Hans Stråberg, the President and CEO of Electrolux, explains the reasoning behind Vac from the Sea:
Our oceans are filled with plastic waste. Yet on land, there is a shortage of recycled plastic. The supply of sustainable raw material, such as recycled plastic, is crucial for making sustainable appliances, and assisting consumers in making their homes greener. I therefore hope people will join us in raising awareness about the threat plastic poses to marine habitats, and the urgent need for taking better care of the plastic that already exists.
Meg’s got some exciting, new adventures underway, so she can’t be here every week. But she has agreed to be a relief captain from time to time and we look forward to welcoming her back aboard as often as she can manage.
But today, I want to give a whale of a thank you to Meg for the incredible job that she’s done over the past year for Sea-Fever readers (including me)! Here’s something that Charlotte Cheshirecreated for one of her teachers which is cool and appropriate for Meg too!
In bony, ribby regions of the earth, where at the base of high broken cliffs masses of rock lie strewn in fantastic groupings upon the plain, you will often discover images as of the petrified forms of the Leviathan partly merged in grass, which of a windy day breaks against them in a surf of green surges.
Moby-Dick, Chapter 57, “Of Whales in Paint; in Teeth; in Wood; in Sheet; in Stone; in Mountains; in Stars”
High up in the Catskills, though not too high, and not too far off from the historic Mountain House, lie the petrified remains of perhaps the oldest beached whale on our planet. He is composed of 350-million-year-old sandstone of the Catskill delta, and is surrounded by hemlocks. No doubt he remembers the time when the Hudson River Valley was almost entirely hemlock, before the demands of the Industrial Revolution deforested the old growth trees. While his mossy bulk has no doubt morphed considerably with the erosion of time, his toothy lower jaw corroborates his classification as an odontocete, and the prominence of his jaw further suggests that he is of some close relation to the physter macrocephalus, or the sperm whale.
It is discoveries like this that remind us readers of Melville that what might be taken for exaggeration or imaginative literary flourish is often pure fact.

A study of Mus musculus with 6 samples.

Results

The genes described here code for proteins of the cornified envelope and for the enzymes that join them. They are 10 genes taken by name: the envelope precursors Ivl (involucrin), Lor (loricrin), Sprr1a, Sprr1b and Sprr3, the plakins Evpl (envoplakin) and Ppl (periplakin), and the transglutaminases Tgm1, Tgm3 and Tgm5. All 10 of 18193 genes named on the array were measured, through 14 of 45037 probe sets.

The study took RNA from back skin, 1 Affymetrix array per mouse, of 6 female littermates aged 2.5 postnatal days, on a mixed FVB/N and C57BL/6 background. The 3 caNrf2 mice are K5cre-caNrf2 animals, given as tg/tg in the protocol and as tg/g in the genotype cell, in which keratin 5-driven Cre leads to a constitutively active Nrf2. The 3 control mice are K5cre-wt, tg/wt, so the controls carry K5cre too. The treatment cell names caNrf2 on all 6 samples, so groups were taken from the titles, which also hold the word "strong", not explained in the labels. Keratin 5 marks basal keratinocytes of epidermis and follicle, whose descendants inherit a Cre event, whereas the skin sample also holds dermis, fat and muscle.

Here is an awesome looking trailer for a new short film by Alyssa Swanzey. Her last name might sound familiar to many in the sail training/tall ships world as her dad is Gregg Swanzey, the long time executive director of the Schooner Ernestina who’s also been involved with a number of different programs.
Vodpod videos no longer available.
Alyssa’s project is being funded through Kickstarter which is a really cool website that funds creative projects. One of the best things is that you can get in on the action and support a project that interests you and make an artist’s dream reality. Check it out and keep watch for the full version of Alyssa’s film too!
This video is a FICTION and an ARTISTIC PROJECT, I don’t claim to have reached the bottom of the hole (202m) without rope and fins, as the world record in no-fins discipline is 95m. We made this movie to show another approach in freediving videos. We wanted to express the strenght of the elements water-earth-air and the sensations of freedom, harmony, exploration.
French designer Jean-Marie Massaud has proposed a helium "manned cloud"—a floating 20-room hotel—that bears an uncanny resemblance to a certain white sperm whale.
Cruising for days at 100 miles per hour “permits man to explore the world without a trace,” Massaud’s website states: “to experience spectacular and exotic places without being intrusive or exploitative.” So, pretty much what Ahab was going for—except for that last bit.